One of the better-known travel destinations in Germany, the federal state of Schleswig-Holstein forms the northernmost tip of the country, bordering Denmark. The state has access to both the North Sea and the Baltic Sea, two destinations very popular with travelers. With the Wadden Sea National Park Schleswig-Holstein is also home to Central Europe’s largest National Park.
Apart from tourism, the state’s economy in the southern half partly profits from being located in the Hamburg metropolitan area, while in the eastern part, around Lübeck and Kiel, the only two large cities of the state, ship building and sea transportation are considerable factors. In contrast, the western half is comparatively sparsely populated and is considered as being a structurally rather weak area.
Until Prussia and Austria won the Second Schleswig War in 1864, Schleswig-Holstein for a long time in its history in large parts stood under Danish rule. Until this day, there is a small Danish minority living in the northernmost region of the state. These historic developments are reflected in Schleswig-Holsteins culture, in particular in the Low German language which is still common in the state, although generally being in decline.
Schleswig-Holstein’s population density is with 179 people per square kilometer below the German average. Among the western federal states of the country, the state has the lowest percentage of foreign-born inhabitants, some 20% of which are from countries of the European Union.
Schleswig-Holstein is the northernmost of the 16 states of Germany, comprising most of the historical duchy of Holstein and the southern part of the former Duchy of Schleswig. Its capital city is Kiel, other important cities are Lübeck, Flensburg, Neumünster, Norderstedt, Elmshorn.
After World War II, the Prussian province Schleswig-Holstein came under British occupation. On 23 August 1946, the military government abolished the province and reconstituted it as a separate Land.
Because of the forced migrations of Germans in 1944 to 1950, the population of Schleswig-Holstein increased by 33% (860,000 people). A pro-Danish political movement arose in Schleswig, with transfer of the area to Denmark as an ultimate goal. This was supported neither by the British occupation administration nor the Danish government. In 1955, the German and Danish governments issued the Bonn-Copenhagen Declarations confirming the rights of the ethnic minorities on both sides of the border. Conditions between the nationalities have since been stable and generally respectful.
Schleswig-Holstein combines Scandinavian and German aspects of culture. The castles and manors in the countryside are the best example for this tradition; some dishes like Rødgrød (German: Rote Grütze, literal English “red grits” or “red groats”) are also shared, as well as surnames such as Hansen.
The most important festivals are the Kiel Week, Schleswig-Holstein Musik Festival, an annual classic music festival all over the state, and the Lübeck Nordic Film Days, an annual film festival for movies from Scandinavian countries, held in Lübeck.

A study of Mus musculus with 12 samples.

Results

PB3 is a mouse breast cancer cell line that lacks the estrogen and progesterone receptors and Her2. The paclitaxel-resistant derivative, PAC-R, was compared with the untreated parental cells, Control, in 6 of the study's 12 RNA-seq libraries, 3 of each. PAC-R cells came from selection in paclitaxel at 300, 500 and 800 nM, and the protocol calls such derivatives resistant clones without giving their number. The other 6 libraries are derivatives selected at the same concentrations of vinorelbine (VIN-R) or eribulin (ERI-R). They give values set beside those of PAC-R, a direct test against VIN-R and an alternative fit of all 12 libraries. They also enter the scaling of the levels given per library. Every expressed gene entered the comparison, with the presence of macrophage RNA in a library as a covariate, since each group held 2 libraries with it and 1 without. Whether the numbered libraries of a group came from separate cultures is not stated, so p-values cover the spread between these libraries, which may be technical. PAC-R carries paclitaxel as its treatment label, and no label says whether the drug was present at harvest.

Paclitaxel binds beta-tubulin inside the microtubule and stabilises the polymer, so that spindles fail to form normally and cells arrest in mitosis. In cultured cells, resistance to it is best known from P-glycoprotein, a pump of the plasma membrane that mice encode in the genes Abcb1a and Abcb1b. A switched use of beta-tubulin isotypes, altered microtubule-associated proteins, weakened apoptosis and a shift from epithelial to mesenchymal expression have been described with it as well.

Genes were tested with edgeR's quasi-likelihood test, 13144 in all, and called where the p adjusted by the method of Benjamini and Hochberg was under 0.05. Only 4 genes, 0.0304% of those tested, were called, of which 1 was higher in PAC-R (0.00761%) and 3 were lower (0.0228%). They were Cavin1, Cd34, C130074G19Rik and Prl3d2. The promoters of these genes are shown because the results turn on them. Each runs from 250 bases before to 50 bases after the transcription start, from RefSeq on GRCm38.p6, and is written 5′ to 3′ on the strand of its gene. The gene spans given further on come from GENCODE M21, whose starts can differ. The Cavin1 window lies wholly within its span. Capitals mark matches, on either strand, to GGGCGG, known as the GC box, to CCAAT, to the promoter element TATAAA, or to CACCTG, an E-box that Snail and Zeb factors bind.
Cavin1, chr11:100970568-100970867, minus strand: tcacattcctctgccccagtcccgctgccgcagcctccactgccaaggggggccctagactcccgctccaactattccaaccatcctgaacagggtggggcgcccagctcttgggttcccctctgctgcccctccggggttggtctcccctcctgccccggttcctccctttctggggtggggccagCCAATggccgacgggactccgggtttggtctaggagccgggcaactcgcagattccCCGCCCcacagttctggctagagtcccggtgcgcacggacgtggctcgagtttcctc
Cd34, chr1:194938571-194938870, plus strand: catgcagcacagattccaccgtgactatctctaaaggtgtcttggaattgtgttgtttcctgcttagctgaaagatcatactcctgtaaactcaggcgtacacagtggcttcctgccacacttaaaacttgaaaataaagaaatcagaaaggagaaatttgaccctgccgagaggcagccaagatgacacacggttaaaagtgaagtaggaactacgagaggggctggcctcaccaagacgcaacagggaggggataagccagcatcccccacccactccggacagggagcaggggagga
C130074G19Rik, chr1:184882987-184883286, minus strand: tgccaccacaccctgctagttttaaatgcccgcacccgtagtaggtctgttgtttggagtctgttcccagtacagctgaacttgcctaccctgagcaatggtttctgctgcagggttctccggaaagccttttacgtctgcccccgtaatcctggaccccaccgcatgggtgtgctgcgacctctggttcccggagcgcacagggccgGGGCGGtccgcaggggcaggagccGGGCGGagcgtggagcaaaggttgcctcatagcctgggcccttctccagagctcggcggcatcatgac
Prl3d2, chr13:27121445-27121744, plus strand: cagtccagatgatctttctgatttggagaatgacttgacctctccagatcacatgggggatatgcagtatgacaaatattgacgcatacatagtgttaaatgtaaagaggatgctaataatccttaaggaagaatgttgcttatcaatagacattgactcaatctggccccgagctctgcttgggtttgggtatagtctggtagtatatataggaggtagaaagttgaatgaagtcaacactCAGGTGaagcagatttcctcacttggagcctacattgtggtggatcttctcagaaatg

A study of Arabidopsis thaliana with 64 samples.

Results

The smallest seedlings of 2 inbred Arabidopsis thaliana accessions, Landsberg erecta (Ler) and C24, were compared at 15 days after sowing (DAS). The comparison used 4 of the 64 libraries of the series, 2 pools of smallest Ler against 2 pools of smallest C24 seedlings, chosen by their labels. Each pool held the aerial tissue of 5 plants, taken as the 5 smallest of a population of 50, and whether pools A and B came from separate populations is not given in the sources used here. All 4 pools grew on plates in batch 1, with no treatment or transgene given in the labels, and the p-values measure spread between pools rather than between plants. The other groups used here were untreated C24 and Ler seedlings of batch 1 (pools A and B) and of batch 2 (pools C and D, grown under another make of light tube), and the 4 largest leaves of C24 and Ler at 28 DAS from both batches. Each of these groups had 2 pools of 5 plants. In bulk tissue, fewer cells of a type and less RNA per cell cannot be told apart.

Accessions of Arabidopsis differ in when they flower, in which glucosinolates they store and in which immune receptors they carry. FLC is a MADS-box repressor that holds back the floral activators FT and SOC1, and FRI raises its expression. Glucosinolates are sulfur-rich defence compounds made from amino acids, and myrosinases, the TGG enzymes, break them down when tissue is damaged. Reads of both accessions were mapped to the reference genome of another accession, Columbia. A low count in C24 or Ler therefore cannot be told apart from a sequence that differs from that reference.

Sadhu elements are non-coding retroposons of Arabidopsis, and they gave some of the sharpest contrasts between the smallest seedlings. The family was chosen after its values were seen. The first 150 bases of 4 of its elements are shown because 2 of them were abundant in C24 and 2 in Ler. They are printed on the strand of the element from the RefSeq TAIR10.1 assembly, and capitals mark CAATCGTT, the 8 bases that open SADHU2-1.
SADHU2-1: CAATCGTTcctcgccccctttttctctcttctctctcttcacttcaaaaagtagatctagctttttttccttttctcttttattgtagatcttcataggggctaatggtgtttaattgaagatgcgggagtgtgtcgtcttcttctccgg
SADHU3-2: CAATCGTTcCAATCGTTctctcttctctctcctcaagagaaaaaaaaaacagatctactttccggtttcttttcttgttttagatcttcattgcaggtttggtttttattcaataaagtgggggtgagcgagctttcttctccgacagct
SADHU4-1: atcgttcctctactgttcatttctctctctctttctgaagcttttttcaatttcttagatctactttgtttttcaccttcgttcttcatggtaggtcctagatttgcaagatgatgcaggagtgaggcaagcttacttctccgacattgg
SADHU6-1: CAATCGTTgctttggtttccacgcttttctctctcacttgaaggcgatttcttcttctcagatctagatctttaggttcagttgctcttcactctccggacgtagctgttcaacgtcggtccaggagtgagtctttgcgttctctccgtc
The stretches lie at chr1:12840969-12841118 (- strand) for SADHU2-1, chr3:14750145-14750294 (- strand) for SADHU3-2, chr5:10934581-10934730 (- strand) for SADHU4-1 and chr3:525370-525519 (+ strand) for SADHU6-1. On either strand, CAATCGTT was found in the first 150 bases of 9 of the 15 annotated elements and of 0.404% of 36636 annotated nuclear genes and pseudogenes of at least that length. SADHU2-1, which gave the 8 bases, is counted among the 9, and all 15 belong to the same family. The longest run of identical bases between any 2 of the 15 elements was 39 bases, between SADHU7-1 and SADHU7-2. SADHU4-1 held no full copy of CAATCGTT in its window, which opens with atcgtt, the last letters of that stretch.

The annual Wacken Open Air festival is considered to be the largest heavy metal rock festival in the world. The state’s most important museum of cultural history is in Gottorf Castle in Schleswig. The Wagnerian tenor Klaus Florian Vogt is from Schleswig-Holstein.
Schleswig-Holstein’s islands, beaches, and cities are popular tourist attractions.
Schleswig-Holstein is rich in islands. Germany’s northernmost state includes sixteen islands and Halligen in the North Sea and the Baltic Sea. Between them, these sixteen manage to offer all the superlatives any visitor could ever want: Helgoland and Sylt are Germany’s only open sea island and the country’s northernmost island respectively. Fehmarn is the sunniest island and the community on the Gröde Hallig is the smallest in Germany.
But what really makes these islands special is their individuality: long sandy beaches here, rugged cliffs there, heaths and the tidal mudflats of the Wadden Sea, charming little villages, cosy self-catering apartments, exclusive hotels and elegant restaurants. An island holiday is a unique pleasure, because each island has its own character and getting there is a special journey. Even though many islands are now accessible by bridge or by dam, for most visitors the holiday starts with a ferry trip. And it doesn’t matter how long this takes, as soon as the car is parked on the gently swaying ship and the mainland gradually disappears into the distance, body and soul begin to relax.
Lübeck is a northern German city distinguished by Brick Gothic architecture, which dates to its time as the medieval capital of the Hanseatic League, a powerful trading confederation. Its symbol is the Holstentor, a red-brick city gate that defended the river-bounded Altstadt (old town). Rebuilt following WW II, the Marienkirche is a 13th–14th-century landmark that widely influenced Northern European church design. Lübeck is one of the major ports of Germany. Situated on the river Trave, it was the leading city of the Hanseatic League, and because of its extensive Brick Gothic architecture, it is listed by UNESCO as a World Heritage Site.